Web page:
New Fairton rail hub on track

Published: 23 November 2022

Breaking ground at the site of the new Fairton rail hub were (from left) Mark Wareing, Alan Piper from KiwiRail and Ashburton Mayor Neil Brown.

The first dirt has been turned in a project that will bring big changes to the way goods and produce are moved out of the Ashburton District to market.

Rail will be doing the heavy lifting, taking containers from a new hub at Fairton to ports and other destinations.

The new rail hub is a joint effort between local and central government, and state and private enterprise, and spearheaded by Fairfield Freight Hub (part of the Wareing Group); it will cost about $14 million.

Ashburton District Council has given $2.33 million as its share of the project and agreed to loan another $3m; Government has given $2m.

Mayor Neil Brown said relocating the rail hub to Fairton would see the end of trains stopping in the town's CBD and blocking crossings while wagons were shunted into place.

The mayor had the honour of turning the first spadeful of dirt last week at the new site, which is near the old Fairton freezing works, now owned by Talley’s.

“I've waited for this day for four years, from the first phone call asking for assistance to get the yard moved,” he said.

It was Mark Wareing who phoned him to outline plans for a collaborative venture that would have wins for the whole district.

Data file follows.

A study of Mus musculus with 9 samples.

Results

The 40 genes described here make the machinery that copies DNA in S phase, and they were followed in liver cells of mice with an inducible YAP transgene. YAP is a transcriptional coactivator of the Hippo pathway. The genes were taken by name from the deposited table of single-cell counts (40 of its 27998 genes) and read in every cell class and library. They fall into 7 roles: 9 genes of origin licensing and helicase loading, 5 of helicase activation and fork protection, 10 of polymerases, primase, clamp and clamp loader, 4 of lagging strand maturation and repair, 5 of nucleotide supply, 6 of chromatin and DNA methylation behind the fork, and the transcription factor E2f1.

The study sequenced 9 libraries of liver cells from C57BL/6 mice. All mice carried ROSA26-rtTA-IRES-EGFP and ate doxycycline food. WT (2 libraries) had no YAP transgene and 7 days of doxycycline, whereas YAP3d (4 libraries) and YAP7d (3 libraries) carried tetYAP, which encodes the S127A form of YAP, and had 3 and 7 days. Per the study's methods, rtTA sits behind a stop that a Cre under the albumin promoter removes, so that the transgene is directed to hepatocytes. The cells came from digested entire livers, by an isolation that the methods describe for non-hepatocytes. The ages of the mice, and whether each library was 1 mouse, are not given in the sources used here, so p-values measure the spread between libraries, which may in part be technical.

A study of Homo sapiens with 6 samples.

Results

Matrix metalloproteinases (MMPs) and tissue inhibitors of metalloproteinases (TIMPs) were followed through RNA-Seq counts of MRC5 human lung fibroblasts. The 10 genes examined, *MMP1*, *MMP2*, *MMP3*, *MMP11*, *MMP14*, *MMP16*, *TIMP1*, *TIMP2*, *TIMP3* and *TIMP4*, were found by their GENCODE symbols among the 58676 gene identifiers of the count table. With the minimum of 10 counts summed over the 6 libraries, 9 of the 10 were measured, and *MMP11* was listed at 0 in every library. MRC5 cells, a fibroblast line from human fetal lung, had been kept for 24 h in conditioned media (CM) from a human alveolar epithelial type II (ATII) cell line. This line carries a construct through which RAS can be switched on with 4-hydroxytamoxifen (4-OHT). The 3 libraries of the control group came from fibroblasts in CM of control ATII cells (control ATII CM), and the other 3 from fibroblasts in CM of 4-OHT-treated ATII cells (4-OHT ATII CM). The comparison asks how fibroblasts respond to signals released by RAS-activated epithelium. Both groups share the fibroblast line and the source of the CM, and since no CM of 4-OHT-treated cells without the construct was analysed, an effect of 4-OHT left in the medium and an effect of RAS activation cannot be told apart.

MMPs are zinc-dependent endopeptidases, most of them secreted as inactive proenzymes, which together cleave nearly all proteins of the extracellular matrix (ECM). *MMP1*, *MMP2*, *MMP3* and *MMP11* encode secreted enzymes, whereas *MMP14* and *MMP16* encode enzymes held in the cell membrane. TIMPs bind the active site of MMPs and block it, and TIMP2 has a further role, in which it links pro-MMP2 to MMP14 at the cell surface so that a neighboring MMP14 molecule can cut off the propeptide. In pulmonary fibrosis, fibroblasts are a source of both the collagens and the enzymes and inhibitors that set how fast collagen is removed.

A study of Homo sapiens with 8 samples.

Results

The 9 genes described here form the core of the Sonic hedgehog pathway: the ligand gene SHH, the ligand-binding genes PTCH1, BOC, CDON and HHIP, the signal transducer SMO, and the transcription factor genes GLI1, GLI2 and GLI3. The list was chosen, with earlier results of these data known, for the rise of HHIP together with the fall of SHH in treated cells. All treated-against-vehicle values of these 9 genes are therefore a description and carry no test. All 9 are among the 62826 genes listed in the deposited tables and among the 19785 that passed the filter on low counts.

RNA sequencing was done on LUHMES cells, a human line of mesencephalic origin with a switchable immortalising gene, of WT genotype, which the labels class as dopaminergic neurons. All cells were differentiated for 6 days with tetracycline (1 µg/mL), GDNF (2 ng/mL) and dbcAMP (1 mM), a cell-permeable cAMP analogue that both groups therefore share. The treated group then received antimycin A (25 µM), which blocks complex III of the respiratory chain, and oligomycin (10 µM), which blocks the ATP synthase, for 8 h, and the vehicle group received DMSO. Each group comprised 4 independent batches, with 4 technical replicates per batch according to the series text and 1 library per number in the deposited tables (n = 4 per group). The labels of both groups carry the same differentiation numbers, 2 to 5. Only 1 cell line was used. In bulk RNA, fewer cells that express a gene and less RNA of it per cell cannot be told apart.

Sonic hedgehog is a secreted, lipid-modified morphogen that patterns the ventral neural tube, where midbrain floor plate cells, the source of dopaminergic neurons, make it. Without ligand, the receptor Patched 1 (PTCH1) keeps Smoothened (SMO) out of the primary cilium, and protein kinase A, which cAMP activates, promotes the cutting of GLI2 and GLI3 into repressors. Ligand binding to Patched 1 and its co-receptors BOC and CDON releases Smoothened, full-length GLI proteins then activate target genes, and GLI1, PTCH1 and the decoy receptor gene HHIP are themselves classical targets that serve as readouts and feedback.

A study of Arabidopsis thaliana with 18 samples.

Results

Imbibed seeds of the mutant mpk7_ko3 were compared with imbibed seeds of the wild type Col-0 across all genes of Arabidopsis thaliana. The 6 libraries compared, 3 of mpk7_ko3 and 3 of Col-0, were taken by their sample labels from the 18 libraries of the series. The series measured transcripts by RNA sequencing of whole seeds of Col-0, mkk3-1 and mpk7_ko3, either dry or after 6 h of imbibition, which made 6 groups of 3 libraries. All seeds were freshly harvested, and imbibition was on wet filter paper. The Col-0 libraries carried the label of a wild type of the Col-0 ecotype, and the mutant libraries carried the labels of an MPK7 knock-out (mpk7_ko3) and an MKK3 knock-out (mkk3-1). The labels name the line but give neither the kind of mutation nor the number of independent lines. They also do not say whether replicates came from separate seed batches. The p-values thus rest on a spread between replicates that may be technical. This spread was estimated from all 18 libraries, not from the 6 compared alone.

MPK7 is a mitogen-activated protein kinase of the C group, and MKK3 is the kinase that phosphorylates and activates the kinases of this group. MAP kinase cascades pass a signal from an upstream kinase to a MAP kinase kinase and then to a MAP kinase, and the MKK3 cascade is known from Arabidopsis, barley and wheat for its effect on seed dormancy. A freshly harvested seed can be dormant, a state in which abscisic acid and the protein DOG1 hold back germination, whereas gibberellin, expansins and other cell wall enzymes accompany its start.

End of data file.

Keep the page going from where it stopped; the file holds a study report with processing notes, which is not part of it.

“Mark had a vision to get trucks off the highway and more containers onto rail.  The concept ticked so many boxes ... trucks off roads, the shunting yard out of the CBD, and reducing carbon emissions.

“It will also complement Council’s north-east business park, which is just over the road, and give those businesses there an option of using rail as it will be on their doorstep.”

The mayor said the group then enlisted the help of Rangitata MP Jo Luxton to bring the Ministry of Transport on board.

Fairfield Freight currently operates the rail hub in Ashburton and container movements have grown from 2000 a year to 6000 a year. The target is 20,000 a year from the new location.

Kiwirail Executive General Manager Sales and Commercial Alan Piper said those containers would carry produce from farms and businesses to the port in a more efficient way, for all the district’s farms and businesses.

Rail would be doing the heavy lifting after trucks brought the containers to the terminal.

“This is an outstanding example of central government, local government and private and state enterprises working through a problem and it is really great. It is really the future of how we can add value to our community.”

It would be similar to the rail siding built at Synlait.

Mr Wareing said it would be great for the local economy and the district would soon be able to compete with Rolleston’s business park.